Meteorologist on massive Vail Valley storm: ‘You’re getting slammed!’ |

Meteorologist on massive Vail Valley storm: ‘You’re getting slammed!’

Epic storm delights skiers, snarls traffic, closes local schools

Things you should do:
  • Clear your driveways, parking areas and sidewalks.
  • Don’t plow snow into the street and don’t block fire hydrants. Private plow companies pushing snow into the street could be fined.
  • For pedestrian safety, the town prohibits on-street or shoulder parking. This includes construction vehicles. Automobiles may be ticketed and/or towed if left on town streets or shoulders during snow removal operations.
  • Remove snow and ice from around gas meters and utility shut offs. Snow and Ice accumulation can cause damage to gas meters and valves, potentially causing leaks and allowing gas to build up in confined spaces, basements and dwelling spaces. If you smell gas, evacuate your home and call 911.
  • And try not to build snow sculptures too close to the street.

It’s official. This storm is huge. The people who keep track of things like snow are pretty darned excited about it.

“You’re getting slammed!” exclaimed Kris Sanders, a meteorologist with the National Weather Service in Grand Junction.

This, Sanders explained Friday, is good.

The good stuff will continue for the next couple of days. Friday could see another 10-12 inches before a break in the storm Saturday. However, Saturday night the precipitation party continues with another front that will bring 2-4 inches, the National Weather Service reports.

Not that we dwell on this sort of thing, but we’re getting way more snow than Aspen from this storm. They’re on the edge of this storm, Sanders explained.

Why we’re in the eye

Weather patterns in this region generally run west to east. That means the air is being forced up the slopes to higher altitudes and into a relatively narrow valley as it heads toward Vail Pass.

“When you’re forcing air up the slopes of the divide, it has nowhere to go but up,” Sanders said.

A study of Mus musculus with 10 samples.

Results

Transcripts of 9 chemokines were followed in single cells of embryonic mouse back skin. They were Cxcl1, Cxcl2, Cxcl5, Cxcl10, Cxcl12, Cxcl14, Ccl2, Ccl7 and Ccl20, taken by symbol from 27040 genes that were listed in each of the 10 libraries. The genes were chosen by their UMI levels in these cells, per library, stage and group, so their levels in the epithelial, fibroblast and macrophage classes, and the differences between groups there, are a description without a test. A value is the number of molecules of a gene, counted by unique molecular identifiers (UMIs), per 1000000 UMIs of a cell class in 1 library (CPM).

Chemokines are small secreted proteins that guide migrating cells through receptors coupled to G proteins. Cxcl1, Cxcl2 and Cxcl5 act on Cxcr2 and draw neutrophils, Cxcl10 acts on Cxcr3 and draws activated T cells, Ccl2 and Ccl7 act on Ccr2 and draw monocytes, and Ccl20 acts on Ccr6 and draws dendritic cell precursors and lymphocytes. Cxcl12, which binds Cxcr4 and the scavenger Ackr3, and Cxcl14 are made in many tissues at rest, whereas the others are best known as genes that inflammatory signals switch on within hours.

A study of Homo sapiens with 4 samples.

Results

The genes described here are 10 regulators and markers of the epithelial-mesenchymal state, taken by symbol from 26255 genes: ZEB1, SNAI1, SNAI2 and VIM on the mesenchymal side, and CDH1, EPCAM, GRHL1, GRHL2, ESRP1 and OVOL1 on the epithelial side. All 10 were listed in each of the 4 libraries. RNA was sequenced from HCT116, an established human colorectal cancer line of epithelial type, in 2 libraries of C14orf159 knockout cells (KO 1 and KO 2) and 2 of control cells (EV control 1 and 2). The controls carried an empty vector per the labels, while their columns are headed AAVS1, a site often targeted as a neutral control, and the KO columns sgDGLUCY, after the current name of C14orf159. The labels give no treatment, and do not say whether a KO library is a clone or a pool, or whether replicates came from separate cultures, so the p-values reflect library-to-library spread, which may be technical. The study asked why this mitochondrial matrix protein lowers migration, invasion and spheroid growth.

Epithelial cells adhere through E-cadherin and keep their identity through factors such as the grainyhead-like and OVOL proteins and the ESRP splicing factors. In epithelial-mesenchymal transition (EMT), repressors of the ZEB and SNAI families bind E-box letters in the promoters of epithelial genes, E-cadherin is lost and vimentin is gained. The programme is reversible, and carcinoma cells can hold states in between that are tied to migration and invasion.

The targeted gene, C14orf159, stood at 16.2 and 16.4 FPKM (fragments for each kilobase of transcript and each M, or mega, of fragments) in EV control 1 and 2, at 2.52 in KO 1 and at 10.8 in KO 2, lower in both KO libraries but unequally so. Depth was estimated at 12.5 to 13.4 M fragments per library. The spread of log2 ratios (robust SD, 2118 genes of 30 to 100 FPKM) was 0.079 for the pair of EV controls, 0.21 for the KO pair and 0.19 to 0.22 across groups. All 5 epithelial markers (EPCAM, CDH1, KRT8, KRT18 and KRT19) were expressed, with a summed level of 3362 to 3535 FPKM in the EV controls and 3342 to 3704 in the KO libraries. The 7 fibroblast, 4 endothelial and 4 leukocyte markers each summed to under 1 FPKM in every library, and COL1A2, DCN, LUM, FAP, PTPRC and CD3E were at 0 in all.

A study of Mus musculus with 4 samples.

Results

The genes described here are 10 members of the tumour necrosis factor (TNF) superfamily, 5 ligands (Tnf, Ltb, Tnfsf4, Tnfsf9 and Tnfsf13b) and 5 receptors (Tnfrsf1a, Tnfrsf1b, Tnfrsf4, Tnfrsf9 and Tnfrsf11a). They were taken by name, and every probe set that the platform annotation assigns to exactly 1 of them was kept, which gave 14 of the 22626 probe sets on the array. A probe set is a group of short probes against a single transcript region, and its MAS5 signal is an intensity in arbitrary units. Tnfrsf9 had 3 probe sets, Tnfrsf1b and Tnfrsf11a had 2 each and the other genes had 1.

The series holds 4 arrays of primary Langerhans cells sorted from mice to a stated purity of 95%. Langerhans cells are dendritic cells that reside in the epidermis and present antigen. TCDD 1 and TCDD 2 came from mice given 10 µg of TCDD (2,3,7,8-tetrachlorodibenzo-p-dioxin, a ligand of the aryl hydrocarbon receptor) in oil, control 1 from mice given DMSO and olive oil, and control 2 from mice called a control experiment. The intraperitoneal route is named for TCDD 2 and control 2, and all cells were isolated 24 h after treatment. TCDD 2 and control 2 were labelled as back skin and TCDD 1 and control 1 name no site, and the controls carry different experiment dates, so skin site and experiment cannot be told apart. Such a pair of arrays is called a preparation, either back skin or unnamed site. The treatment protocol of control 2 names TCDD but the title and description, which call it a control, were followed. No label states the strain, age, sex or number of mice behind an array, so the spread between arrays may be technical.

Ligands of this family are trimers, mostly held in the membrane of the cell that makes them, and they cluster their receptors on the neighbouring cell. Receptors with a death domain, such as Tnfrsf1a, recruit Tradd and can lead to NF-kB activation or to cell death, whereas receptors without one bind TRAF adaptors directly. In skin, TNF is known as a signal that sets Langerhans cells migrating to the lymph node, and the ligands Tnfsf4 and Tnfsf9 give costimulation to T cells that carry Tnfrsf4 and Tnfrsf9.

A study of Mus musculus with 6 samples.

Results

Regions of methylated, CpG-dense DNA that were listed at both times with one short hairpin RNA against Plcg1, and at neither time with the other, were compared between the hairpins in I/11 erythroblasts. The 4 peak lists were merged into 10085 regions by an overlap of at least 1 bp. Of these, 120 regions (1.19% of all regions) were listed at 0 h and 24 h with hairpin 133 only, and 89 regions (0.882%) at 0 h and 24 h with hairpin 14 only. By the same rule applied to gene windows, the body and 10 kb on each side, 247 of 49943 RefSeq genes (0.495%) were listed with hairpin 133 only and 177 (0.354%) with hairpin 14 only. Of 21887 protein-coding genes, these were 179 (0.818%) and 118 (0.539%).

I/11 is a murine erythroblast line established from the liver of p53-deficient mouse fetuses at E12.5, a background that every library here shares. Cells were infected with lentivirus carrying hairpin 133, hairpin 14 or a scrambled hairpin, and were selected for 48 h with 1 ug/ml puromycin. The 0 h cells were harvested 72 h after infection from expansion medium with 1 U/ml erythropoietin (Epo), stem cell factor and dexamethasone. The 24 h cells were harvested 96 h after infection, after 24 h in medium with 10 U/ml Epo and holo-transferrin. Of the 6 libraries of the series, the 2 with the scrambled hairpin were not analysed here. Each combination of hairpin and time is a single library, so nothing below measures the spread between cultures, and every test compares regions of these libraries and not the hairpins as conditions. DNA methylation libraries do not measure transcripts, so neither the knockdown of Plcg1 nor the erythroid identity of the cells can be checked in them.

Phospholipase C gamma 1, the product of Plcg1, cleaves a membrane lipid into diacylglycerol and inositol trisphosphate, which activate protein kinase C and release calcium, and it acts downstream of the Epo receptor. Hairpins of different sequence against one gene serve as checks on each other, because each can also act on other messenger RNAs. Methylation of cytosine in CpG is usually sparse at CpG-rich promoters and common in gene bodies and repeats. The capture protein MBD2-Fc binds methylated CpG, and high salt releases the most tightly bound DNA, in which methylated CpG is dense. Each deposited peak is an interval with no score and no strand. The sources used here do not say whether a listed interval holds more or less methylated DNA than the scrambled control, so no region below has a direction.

As weather fronts climb up, snow falls down, Sanders patiently explained.

Big snow, big crowds

“This is a truly historic storm,” Greg Johnson, Vice President of Mountain Operations at Vail Mountain said.  “We’re reporting 19 inches in the past 24 hours, but we’re seeing more than 36 inches of snow over many parts of the mountain, and Patrol headquarters has reported 31 inches from yesterday, through this afternoon.  The snow hasn’t let up all day, so we’re expecting great conditions throughout the weekend and into next week.”

The massive storm apparently also attracted massive crowds. Social media posts indicated that liftlines at the bottom of Vail Mountain were enormous, stretching further than many have ever seen as hundreds of people waited to get back up the mountain for more powder turns.

Still, skiers said there was lots of giggling amid all the work that comes with a storm this size.

“Storms like this aren’t very common here in the Vail Valley,” Beth Howard, Vail Mountain COO said. “The whole team came together to get us moving this morning – it’s a herculean effort to dig out lifts and ensure terrain is safe when there is this much snow.  I’m so proud of our entire team for getting us open on time this morning.”

P.E. is now Powder Education

The storm closed schools around the region, including schools in Eagle County. Even Lake County Schools closed Friday, one of a handful of school closures since classes opened about the same time the mines did in the mid-1800s.

Among the First World problems some Vail Valley parents dealt with is that kids had ski and snowboard gear locked in schools, which had been closed. Understandably, parents wanted to enjoy the epic powder day with their beloved offspring. To do that, they had to get into the locked school to retrieve their kids’ gear.

That meant someone from the school district had to go to the school to let them in so they could load up their kids, who did not have school Friday, before they could head to the mountain.

While that might be a First World Problem rivaled only by Bluetooth trouble, some people still complained about it on social media.

Still, a quick look at the school district’s social media pages shows lots more hearts and likes than whiners and complainers.

“We’ll always come down on the side of safety for the students,” said Dan Dougherty, the chief communications officer for Eagle County Schools.

About half of the local students arrive at school by bus, and those buses run from Red Cliff to Bond, Dougherty said.

CDOT, towns hammering away

Vail was hammered with nearly 30 inches of snowfall with more on the way. I-70 reopened midday Friday over Vail Pass after an 18-hour closure.

“The town’s snowplow drivers are doing all they can to keep the streets safe for travel, including clearing snow from intersections to improve visibility,” the town said in a Friday morning announcement.

Due to road conditions and increasing safety issues, the town of Vail will be closed its non-essential offices at 3 p.m. Friday.

Colorado Department of Transportation crews are scrambling to keep Interstate 70 traffic flowing.

“Colorado winters are often unpredictable, as we all know, and we experienced it first-hand this week. At the end of the day, we want to make sure we’re doing our part in keeping the traveling public and our crews safe,” CDOT’s Jared Fiel said.

For updates on the winter storm and road conditions, visit Motorists are advised to avoid traveling until conditions improve.